Coronavirus: Saskatoon Lighthouse shelter calling for provincial help during pandemic

WATCH ABOVE: The Lighthouse Assisted Living shelter is Saskatoon says it needs provincial help to stay open during the coronavirus pandemic – Mar 21, 2020

Anna Pacik, the fundraising manager for Lighthouse Assisted Living, said the shelter needs provincial help to stay open during the coronavirus pandemic.

“We have no masks,” Pasik said.

The Lighthouse management elected to keep the shelter open during the coronavirus pandemic despite being unable to provide the proper space for clients to practise social distancing — many of the beds and meals the shelter provides are in shared spaces.

They decided to provide extra sanitization instead.

Pacik said funds were diverted from staffing and essential services towards buying masks and cleaning supplies.



A Lighthouse document, posted on Friday, calls upon the provincial government for financial assistance and to direct the funds, allotted to the shelter by the Ministry of Social Services, directly to the Lighthouse instead of through each individual.

“The current model of funding not only creates long term financial insecurity but currently also exacerbates the risk of spreading the virus to this very vulnerable population,” the statement reads.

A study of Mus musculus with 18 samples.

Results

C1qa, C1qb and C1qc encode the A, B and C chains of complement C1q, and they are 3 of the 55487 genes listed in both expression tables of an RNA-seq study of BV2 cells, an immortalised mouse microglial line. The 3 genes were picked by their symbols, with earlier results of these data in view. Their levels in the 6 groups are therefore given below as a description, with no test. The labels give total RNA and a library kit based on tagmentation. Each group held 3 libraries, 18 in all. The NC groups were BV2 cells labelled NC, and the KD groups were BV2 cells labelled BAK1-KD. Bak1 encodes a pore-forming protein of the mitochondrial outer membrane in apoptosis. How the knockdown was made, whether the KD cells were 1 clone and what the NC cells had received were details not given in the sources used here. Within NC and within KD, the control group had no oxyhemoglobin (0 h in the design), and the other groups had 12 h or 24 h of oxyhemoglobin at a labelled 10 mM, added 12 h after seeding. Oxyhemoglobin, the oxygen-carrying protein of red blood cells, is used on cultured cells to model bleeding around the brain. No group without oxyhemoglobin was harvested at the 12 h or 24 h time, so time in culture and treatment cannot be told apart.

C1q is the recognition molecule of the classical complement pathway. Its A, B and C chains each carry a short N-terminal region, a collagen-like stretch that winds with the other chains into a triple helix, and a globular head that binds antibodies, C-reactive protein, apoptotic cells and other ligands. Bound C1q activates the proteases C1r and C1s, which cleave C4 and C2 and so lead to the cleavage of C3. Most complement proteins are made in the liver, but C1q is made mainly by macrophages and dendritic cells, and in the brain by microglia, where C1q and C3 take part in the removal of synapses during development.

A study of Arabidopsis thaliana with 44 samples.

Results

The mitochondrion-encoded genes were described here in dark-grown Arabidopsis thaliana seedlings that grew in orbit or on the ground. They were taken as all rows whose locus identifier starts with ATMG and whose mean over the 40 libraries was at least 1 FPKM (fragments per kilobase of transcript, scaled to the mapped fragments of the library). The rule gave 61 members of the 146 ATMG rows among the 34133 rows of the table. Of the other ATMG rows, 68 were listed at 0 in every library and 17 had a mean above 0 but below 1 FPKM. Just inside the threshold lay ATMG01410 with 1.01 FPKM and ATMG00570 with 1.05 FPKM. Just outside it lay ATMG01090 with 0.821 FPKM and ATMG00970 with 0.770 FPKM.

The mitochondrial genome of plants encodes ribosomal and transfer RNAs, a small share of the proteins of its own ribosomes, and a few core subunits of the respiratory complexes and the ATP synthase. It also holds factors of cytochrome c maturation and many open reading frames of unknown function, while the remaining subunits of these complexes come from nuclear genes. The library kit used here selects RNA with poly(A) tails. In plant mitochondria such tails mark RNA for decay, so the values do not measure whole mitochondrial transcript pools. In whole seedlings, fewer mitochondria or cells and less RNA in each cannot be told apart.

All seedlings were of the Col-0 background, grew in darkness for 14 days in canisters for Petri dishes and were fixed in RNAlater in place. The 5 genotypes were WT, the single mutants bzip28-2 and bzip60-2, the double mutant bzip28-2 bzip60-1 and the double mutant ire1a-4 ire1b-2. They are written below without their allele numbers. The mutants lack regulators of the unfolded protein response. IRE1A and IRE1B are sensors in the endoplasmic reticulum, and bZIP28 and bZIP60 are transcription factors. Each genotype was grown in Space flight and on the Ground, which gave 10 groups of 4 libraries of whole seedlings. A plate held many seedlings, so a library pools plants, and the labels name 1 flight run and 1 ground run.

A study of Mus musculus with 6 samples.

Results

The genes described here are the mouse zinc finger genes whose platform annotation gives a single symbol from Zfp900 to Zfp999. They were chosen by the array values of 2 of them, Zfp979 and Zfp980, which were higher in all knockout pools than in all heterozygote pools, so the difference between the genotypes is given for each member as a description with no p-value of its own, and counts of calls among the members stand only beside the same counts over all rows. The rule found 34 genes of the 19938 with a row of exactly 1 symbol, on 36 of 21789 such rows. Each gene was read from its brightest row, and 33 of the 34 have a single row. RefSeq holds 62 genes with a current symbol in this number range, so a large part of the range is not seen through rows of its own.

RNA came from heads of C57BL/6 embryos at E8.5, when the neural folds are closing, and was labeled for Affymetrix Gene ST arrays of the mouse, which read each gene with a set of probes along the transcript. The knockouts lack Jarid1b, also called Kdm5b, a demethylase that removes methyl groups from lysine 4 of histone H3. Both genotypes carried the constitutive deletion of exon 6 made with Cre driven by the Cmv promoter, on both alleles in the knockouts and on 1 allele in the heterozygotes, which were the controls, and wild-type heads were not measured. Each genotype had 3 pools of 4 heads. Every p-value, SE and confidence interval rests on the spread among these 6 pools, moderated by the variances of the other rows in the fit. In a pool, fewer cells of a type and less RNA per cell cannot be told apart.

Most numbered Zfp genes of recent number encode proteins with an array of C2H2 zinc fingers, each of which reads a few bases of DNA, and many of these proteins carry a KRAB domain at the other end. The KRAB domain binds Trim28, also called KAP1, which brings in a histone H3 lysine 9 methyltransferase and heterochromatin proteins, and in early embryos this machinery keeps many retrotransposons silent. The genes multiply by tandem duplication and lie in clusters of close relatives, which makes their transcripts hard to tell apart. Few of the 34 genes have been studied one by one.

Pacik said more funding is needed because the Lighthouse often takes in more clients than they have funding. She said the resources are only made available if someone doesn’t have a home — which, she told Global News, ignores the fact that homes can be unsafe — and if they already have some other type of funding.

She also said providing the funding directly to the Lighthouse would cut down on the need of the clients to travel to the Ministry of Social Services, thereby cutting down on their chances of being exposed to COVID-19.


Pacik noted they are still accepting donations of food, clothes and cleaning supplies, but said the funding is what is most needed.

Questions about COVID-19? Here are some things you need to know:

Health officials caution against all international travel. Returning travellers are asked to self-isolate for 14 days in case they develop symptoms and to prevent spreading the virus to others.

Symptoms can include fever, cough and difficulty breathing — very similar to a cold or flu. Some people can develop a more severe illness. People most at risk of this include older adults and people with severe chronic medical conditions like heart, lung or kidney disease. If you develop symptoms, contact public health authorities.

To prevent the virus from spreading, experts recommend frequent handwashing and coughing into your sleeve. And if you get sick, stay at home.

For full COVID-19 coverage from Global News, click here.